Ursynovich Sergey (1891–1935) – historian of religion.
He entered the Faculty of Law of the Moscow University in 1909. After the course, he stayed there to continue his research work. In 1917, he was Ass. Docent at the Moscow University, teaching the Theory of State and Law. In 1918, he taught at the Ivanovo-Voznesensk Pedagogical Institute. For some time, he worked in Saratov. Since the early 1920s, he was again in Moscow, a teacher at the Evening Workers' Faculty named after N. Bukharin (formerly Prechistenskie Courses), which was under the supervision of the People's Commissariat for Education; probably, he taught at other educational institutions in Moscow.
From 1925 to 1935, employee of the Great Soviet Encyclopedia and the Encyclopedia of State and Law. From 1926 to 1935, a member of the Research and Methodological Council of the Union of Militant Atheists, an employee of the magazine ‘Anti-Religious’. From 1928 to 1935, an employee of the Commission on the History of Religion of the Communist Academy (since 1930, the Anti-Religious Section of the Institute of Philosophy). From 1930 to 1933, Ass. Professor of the First Moscow University. From 1933 until his death, Ass. Professor of the Moscow Historical and Philosophical Institute. Since 1930, he has been working at the Museum of Oriental Cultures, the Central Museum of Ethnology, and at the Central Anti-Religious Museum, where in 1935 he prepared an exposition on Buddhism.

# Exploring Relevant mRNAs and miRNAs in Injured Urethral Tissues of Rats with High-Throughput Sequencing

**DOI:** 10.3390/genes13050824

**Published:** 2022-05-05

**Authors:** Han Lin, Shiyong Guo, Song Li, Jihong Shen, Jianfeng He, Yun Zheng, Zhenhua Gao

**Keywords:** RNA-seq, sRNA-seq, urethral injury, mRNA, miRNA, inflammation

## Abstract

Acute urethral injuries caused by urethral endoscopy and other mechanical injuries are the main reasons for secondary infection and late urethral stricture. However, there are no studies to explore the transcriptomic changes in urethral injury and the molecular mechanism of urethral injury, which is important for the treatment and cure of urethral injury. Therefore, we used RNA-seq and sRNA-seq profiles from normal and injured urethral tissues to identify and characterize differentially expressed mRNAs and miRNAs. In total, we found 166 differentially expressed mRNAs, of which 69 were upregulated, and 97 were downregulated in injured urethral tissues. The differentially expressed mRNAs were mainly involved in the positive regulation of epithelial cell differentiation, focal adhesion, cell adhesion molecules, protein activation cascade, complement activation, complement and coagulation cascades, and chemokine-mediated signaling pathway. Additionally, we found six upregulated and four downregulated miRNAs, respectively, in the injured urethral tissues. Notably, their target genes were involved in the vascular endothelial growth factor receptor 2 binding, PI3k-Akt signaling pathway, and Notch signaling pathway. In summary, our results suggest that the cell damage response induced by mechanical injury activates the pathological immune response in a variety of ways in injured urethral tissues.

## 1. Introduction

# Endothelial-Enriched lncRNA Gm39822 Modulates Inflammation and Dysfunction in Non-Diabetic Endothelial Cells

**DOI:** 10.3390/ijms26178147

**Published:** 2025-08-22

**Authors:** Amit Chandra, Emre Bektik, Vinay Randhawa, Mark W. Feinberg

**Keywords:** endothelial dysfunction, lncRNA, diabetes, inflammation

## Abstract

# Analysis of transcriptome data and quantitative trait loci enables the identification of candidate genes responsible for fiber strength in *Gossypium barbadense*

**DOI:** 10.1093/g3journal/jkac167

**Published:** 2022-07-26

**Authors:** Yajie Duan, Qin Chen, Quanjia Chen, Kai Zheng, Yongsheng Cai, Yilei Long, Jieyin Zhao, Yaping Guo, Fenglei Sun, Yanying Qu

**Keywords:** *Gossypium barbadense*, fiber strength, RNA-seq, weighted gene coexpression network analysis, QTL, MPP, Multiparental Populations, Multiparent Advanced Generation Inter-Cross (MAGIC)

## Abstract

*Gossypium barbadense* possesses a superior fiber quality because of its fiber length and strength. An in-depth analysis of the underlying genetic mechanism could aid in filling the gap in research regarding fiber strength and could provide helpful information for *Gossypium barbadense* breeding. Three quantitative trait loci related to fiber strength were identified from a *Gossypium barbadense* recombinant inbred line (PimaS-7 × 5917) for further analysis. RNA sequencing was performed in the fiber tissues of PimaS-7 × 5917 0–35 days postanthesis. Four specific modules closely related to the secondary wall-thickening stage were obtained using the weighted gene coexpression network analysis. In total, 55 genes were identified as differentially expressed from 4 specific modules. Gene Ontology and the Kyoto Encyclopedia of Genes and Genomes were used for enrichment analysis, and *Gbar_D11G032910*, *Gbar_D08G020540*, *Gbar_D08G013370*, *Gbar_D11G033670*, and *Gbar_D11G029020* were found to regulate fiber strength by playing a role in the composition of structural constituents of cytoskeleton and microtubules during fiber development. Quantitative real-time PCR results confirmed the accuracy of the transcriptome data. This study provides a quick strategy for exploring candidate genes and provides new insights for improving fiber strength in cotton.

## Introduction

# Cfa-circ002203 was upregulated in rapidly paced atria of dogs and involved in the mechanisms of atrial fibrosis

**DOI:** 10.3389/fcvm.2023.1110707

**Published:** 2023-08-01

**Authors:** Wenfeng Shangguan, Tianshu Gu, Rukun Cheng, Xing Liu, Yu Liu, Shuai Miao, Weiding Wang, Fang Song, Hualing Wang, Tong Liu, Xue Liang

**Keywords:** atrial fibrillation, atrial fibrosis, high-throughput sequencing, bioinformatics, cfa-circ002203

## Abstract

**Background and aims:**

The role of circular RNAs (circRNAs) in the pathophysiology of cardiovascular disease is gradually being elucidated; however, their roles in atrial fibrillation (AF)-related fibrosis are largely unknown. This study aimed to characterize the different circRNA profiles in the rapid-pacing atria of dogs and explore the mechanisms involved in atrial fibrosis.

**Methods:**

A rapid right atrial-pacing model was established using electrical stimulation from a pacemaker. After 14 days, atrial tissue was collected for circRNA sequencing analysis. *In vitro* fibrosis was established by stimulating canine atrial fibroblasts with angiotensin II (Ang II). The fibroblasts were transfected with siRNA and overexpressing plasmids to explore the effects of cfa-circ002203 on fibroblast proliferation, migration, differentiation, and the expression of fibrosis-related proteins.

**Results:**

He was engaged in field research, including Siberia, where he studied the religion of Nivkhs (Gilyaks), and in Buryat-Mongolia; he studied provincial archives, especially the process of Christianization of the peoples of the Volga Region, the Urals, and Siberia.
Member of the Society of Marxist Historians, member of the Society for the Study of Siberia, the Urals, and the Far East. For 18 years of his research activity, U. has written over 200 articles and books.
He died tragically during a fire in his apartment in Moscow in 1935. He was buried at the Novodevichy Cemetery, next to his relatives.